Global Times 2016-06-15

A recently released report by IMF researchers reevaluated the organization's long-advocated neoliberalism and its global impact and came to "disquieting conclusions." The report's authors stated they believe that the benefits of some IMF policies, including removing restrictions on capital movement across borders, "seem fairly difficult to establish," while "the costs in terms of increased inequality are prominent, which in turn hurts the level and sustainability of growth."

The conclusions contradict neoliberals' long-held maxim that neoliberalism is the best recipe for economic prosperity after a broad range of countries have been instilled with the notion that neoliberalism is the only option for boosting their economies.

Neoliberalism emphasizes privatization, deregulation and opening domestic markets to foreign competition. This economic ideology particularly stresses the free flow of capital across the globe so as to allegedly better allocate resources and advance economic development.

However, there are consequences of capital account liberalization, the most problematic of which is that it exacerbates income inequality, a tendency that has been demonstrated at both the national and international level. On the national level, capital gains have far exceeded earned income from labor, even further widening the income gap between rich and poor people. Even in developed economies, domestic inequality has persisted as a serious social problem. Powerful examples of fighting inequality include the French "Nuit Debout" social movement, which arose out of protests against the country's proposed labor reforms, and the "Occupy Wall Street" protest in the US, which is against social and economic inequality worldwide.

On the international level, the gap between rich countries and poorer ones is also growing, as the least developed countries' proportion of global GDP has continued to decrease as trade and financial conditions deteriorate. Meanwhile, developing countries are confronted with greater difficulties in overcoming the middle-income trap to become high-income economies. Ultimately, neoliberalism has focused on enhancing the efficiency of capital allocation but has overlooked the distributional effects. Unbalanced distribution has deprived the majority of people of the sense of accomplishment from economic development while ultimately hindering economic progress itself. Even the US, a country that has spared no efforts to push for neoliberalism, has gone through a financial crisis and hasn't been able to achieve robust economic growth in a long while.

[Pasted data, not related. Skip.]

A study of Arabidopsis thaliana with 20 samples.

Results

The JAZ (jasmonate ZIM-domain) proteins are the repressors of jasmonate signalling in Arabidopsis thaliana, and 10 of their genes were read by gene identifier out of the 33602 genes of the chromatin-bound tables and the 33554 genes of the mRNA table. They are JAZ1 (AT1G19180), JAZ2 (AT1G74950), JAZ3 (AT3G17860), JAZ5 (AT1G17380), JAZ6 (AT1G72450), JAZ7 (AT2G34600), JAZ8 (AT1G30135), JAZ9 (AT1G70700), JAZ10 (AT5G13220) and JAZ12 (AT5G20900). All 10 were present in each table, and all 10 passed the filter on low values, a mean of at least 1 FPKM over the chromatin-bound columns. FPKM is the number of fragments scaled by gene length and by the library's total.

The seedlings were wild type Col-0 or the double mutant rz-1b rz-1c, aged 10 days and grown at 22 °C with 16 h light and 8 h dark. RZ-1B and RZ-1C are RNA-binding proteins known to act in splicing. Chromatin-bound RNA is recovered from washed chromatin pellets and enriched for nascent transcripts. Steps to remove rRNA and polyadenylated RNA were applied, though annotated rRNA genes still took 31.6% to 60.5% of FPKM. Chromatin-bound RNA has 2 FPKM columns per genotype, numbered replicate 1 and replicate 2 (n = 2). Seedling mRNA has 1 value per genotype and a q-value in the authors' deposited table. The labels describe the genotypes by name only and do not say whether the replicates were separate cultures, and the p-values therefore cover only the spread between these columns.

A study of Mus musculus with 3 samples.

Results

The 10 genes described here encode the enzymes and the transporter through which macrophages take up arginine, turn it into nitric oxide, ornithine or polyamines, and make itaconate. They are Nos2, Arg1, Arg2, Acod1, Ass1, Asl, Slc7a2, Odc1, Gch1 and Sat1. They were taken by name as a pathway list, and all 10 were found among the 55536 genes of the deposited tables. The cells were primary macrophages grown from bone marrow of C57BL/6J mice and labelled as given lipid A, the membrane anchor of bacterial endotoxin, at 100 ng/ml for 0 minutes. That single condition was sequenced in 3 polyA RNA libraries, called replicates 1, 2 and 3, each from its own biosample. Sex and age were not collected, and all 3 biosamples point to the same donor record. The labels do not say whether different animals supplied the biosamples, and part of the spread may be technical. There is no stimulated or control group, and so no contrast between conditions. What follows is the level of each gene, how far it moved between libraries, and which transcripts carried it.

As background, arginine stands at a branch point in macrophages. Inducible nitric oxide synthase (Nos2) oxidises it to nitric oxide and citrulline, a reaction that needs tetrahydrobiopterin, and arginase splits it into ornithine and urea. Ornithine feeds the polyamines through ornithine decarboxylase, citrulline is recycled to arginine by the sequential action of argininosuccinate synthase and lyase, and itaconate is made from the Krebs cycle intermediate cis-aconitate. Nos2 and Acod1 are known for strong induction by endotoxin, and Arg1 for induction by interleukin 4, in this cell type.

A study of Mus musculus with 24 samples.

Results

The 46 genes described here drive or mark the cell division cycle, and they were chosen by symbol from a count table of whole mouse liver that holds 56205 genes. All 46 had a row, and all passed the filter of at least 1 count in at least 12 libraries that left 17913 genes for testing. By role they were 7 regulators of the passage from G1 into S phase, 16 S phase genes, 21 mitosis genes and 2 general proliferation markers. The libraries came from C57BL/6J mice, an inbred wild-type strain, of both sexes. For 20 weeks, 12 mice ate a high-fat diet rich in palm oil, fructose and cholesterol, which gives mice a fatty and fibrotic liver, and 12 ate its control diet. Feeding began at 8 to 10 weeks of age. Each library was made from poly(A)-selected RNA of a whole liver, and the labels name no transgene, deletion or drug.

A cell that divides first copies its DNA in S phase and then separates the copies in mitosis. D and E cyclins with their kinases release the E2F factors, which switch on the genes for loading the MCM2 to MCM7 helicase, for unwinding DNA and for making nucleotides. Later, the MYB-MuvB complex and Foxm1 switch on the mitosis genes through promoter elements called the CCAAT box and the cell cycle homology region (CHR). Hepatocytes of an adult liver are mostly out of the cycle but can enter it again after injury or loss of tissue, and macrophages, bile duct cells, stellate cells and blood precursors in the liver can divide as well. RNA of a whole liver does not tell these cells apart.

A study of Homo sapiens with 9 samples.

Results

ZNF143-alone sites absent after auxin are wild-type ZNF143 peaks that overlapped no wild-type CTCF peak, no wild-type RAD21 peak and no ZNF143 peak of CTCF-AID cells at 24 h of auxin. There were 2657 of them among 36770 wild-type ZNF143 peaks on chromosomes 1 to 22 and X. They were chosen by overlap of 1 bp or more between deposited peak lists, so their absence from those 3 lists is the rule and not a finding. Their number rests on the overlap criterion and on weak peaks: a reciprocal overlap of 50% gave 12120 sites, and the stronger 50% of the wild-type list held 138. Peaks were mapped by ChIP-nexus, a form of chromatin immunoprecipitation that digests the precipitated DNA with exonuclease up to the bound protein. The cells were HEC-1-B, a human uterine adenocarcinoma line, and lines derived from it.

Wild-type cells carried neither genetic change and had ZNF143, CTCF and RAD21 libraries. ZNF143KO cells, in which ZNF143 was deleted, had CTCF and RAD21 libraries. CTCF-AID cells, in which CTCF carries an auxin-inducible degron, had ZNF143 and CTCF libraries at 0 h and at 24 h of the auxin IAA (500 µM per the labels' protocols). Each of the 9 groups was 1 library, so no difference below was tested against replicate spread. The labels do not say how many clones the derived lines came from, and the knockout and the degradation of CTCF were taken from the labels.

Meanwhile, capital gains have realized maximum profits by riding the wave of neoliberalism. The US and some others have pushed neoliberalism because capital gain is in these countries' interest, and abundant capital from the US and other developed countries comes in the form of various multinational corporations. Lifting cross-border capital controls is essentially equal to removing necessary restrictions on multinational corporations from the US and other developed countries.

When a country's domestic economic system cannot withstand attacks from cross-border capital, the government must act to defend itself and maintain domestic economic order. But under the principles of neoliberalism, developing economies are not encouraged or allowed to execute effective guidance and regulation of capital flows, but are required to advocate the abolition of government intervention. In addition, the US' abundant capital and strong government influence helps sustain its leadership in the global system.

Ironically, despite the "liberal" in the term "neoliberal," it's doubtful whether a country can freely choose to adopt neoliberal policies. The US and others have adopted a series of deterrents to promote neoliberalism. For instance, the US has offered more economic aid and has further opened its domestic market to those that follow neoliberalism. But those countries that do otherwise have their products blocked from entering the US domestic market or receive reduced foreign direct investment. The US has also made accepting neoliberalism a major condition for the dispersal of aid to countries and regions in financial or economic crisis, forcefully demanding that they reform in accordance with neoliberal policies.

As a result of this assiduous promotion by the US and some other countries, neoliberalism seems to have enjoyed unprecedented success in establishing prosperous economic development models, and has received enormous respect from many countries. Those who haven't followed neoliberal plans and have sought alternative development paths are usually deemed wrong, or are viewed as a threat to the US, or even are labeled as challengers of world order.

The IMF report has sent out clear signals that neoliberalism hasn't achieved the ideal results it is widely thought to have. Governments and relevant scholars should take note and break the pattern by realizing that neoliberalism is only one of many economic development models. Each country should reflect on its own situation and phase of development and should take viable measures to advance economic growth, regardless of whether those measures are neoliberal, non-neoliberal or even anti-neoliberal. Neoliberalism is optional, not inevitable.